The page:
I was an untidy child.
Where my brother relied on a ruler to line up his toy cars, I lived with jumbled abandon. Thank heavens our mother was teetotal, or the ghastly state of my bedroom would surely have driven her to drink.
I can’t remember when it was — or what prompted it, for that matter — but at some point I changed. Always one for extremes, I went from being super scruffy to annoyingly tidy. It turns out being too much of a neat freak is just as counterproductive. Maybe even more so.
I spent countless hours scrubbing every nook and cranny of my home with a toothbrush and all I got for my effort was a fleeting sense of accomplishment (and washerwoman hands). Not pretty or productive.
I eventually let go of my compulsive behavior and found a happy medium. Now I focus on doing the right thing at the right time. But what does this have to do with writing more?
Why mornings (and evenings) matter
What do your mornings look like? Do you fly out the door with wet hair and a slice of toast clenched between your teeth?
If that sounds like you, you’re either a snooze-button junkie or you’re doing stuff in the morning that you could be doing the night before. Both can make for a stressful start to your day. Rushed mornings can also mean you come home to a pile of dirty dishes, an unmade bed, or other tasks you didn’t get around to doing.
Living like this drains your energy and saps your creativity. Is it any wonder you’re not writing more? Or at all, for that matter?
Think about what you can do in the evenings or on the weekend that will give you more time in the morning: ironing a shirt, polishing shoes, packing lunch, etc.. Using this approach will not only give you a sense of accomplishment; you’ll also feel more relaxed knowing you have less to tackle in the mornings.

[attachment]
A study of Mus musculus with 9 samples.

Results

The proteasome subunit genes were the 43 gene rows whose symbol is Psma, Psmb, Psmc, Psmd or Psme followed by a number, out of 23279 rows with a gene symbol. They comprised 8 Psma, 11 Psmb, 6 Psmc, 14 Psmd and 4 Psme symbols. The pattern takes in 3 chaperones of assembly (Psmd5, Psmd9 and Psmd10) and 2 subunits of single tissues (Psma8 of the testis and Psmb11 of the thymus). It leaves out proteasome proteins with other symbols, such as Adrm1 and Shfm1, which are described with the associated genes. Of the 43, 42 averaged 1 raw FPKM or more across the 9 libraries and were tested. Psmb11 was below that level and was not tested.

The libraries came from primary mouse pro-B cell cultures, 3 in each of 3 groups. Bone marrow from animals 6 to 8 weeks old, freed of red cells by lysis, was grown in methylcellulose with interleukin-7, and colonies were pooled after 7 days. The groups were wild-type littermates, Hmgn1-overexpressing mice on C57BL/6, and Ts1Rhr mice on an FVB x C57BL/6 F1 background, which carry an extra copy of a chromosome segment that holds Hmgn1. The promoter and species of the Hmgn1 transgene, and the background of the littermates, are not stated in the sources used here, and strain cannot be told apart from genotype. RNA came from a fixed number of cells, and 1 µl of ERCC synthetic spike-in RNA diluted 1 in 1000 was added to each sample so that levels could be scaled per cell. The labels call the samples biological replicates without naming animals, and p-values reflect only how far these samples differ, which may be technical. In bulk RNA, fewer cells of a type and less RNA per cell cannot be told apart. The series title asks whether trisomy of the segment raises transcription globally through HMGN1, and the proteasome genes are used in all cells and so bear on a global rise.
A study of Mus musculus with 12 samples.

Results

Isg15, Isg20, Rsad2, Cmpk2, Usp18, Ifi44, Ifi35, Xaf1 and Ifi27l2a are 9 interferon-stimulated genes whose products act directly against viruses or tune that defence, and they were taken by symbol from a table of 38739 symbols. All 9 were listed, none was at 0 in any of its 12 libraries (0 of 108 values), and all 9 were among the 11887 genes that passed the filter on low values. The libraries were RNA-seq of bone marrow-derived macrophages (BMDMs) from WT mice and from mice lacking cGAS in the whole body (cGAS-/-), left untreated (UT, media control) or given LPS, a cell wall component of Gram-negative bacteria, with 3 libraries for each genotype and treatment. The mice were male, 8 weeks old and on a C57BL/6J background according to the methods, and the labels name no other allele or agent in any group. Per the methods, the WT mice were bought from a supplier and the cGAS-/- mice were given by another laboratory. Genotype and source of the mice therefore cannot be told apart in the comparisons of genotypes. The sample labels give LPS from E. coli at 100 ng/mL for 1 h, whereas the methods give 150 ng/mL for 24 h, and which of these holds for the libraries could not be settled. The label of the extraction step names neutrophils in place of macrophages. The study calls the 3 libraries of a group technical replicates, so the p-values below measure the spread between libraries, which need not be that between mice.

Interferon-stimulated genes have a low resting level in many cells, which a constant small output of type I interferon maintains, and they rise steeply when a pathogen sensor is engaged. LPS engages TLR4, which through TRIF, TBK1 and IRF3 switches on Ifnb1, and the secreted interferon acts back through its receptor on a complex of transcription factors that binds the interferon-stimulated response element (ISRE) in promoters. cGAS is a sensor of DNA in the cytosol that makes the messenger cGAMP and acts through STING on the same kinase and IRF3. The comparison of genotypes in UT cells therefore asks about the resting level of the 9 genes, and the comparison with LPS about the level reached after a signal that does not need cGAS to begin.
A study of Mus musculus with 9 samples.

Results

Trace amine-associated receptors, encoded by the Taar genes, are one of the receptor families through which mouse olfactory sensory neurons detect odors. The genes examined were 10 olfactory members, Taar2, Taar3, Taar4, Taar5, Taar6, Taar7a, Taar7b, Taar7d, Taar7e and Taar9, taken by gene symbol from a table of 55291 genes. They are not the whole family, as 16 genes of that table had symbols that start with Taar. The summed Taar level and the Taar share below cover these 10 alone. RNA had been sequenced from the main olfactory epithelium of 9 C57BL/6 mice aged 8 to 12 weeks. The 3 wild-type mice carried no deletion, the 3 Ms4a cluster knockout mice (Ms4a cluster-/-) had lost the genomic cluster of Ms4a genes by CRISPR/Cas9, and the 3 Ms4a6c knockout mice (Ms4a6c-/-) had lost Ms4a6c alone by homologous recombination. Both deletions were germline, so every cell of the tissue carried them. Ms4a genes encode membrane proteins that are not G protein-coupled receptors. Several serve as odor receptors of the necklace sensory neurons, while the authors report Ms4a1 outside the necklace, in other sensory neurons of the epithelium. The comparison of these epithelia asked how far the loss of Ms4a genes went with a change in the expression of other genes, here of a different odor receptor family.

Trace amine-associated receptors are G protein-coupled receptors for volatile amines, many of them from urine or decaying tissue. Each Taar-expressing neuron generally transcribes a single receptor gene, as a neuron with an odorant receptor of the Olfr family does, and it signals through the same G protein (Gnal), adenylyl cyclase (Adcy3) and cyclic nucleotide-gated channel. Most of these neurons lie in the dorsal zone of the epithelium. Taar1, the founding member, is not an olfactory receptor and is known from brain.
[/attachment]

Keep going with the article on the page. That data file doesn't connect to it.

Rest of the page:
The indisputable benefits of being a neat freak
Chores suck, I get it, but the alternative is worse. If you get into the habit of not just staying on top of your chores, but actually doing them at the right time, your life will transform itself.
You’ll be more creative. It will help you overcome that bout of writer’s block you’ve been struggling with.
Messy surroundings leave you uninspired and unable to focus. The opposite is also true. Without the distraction of clutter your mind is free to create.
You’ll have more time for the things that matter.
You can put all that extra time you used to spend doing last-minute chores to much better use. You could write 500 words for your new novel, pitch that magazine, outline a blog post, schedule your editorial calendar for the rest of the year. The list goes on.
It will free you up to plan for freelance-writing success.
Whether you are already a free agent or if intend to quit your cubicle in the not-too-distant future, the sooner you start planning for your imminent success, the sooner it will happen.
Time is elastic
We’ve all experienced how five minutes can feel like a week or how an hour can fly by in a nanosecond. When you focus on doing things at the right time, you’ll get them done sooner. Conversely, leaving your chores until the last minute invariably means they’ll take longer.
Why? Your head isn’t in it.
Doing something the night before won’t make it more fun, but you’ll be focused on the task at hand and ultimately more efficient. Leave it until the morning and your mind will be elsewhere (the office, the traffic, your inbox, etc.).
Doing the things you’re supposed to do when you’re supposed to do them is boring and nerdy.
Obviously you’d rather be [fill in the blank], but at least give it a try before you count it out. You can thank me (in vegan cupcakes) later.
How do you plan your daily chores so you still have time to write?